Suppose these two cases:
- a. I have access to 100 examples. I then have access to another batch of 100 examples.
- b. I have access to 200 examples, in once.
I am reading that in the first, I could do a T-test to check type-error I, by comparing stats analysis against the two independent datasets. But I could not in the second case, because if I was to split those 200 examples in two datasets, they would not be independent.
Ref: S.B. Kotsiantis, "Machine Learning: A Review of Classification Techniques", 2007
In practice, however, we often have only one dataset of size N and all estimates must be obtained from this sole dataset. Different training sets are obtained by subsampling, and the instances not sampled for training are used for testing. Unfortunately this violates the independence assumption necessary for proper significance testing. The consequence of this is that Type I errors exceed the significance level.
- Question 1 Imagine I shuffle the data in .b and split them in half, what woudl be the difference I did that instead of another person I don't know about, that is the one that provided me with that data ?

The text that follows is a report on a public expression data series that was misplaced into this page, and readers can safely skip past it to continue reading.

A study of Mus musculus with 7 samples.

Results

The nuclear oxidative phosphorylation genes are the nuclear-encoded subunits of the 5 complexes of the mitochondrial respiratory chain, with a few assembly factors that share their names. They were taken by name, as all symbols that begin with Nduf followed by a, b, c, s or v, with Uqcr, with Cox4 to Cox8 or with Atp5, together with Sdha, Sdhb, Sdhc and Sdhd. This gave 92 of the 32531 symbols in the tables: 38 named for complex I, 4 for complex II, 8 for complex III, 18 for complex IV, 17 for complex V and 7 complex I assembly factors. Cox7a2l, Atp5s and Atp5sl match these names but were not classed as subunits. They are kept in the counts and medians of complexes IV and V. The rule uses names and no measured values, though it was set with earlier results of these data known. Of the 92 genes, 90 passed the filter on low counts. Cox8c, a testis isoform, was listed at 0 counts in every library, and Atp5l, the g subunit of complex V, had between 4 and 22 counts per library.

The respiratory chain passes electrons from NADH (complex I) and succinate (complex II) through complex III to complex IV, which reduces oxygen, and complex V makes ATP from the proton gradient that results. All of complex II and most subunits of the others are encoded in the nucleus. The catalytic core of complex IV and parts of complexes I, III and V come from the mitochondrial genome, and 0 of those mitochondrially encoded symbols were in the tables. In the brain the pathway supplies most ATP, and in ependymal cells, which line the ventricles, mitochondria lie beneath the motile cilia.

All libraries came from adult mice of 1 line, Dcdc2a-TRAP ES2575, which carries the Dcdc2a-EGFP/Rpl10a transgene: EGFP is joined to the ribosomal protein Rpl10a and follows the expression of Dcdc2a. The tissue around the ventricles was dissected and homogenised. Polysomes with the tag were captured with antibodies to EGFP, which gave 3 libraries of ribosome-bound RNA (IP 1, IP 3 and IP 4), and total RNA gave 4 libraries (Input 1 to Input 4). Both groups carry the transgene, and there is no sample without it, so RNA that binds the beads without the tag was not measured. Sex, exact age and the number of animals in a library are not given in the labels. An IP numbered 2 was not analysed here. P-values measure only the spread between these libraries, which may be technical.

In other words, why in the second case the two partitions are not independent, even if both cases I have same assumption that both datasets come from the same "distribution of chances" for having been picked up in observing a phenomena ?
- Question 2 The second question, is if you can help elaborating on type I error and its relevance here (I am not familiar with it) : can you help understand with practical example, referring to "Type-I error exceeds the significance level" (see quoting in bold)?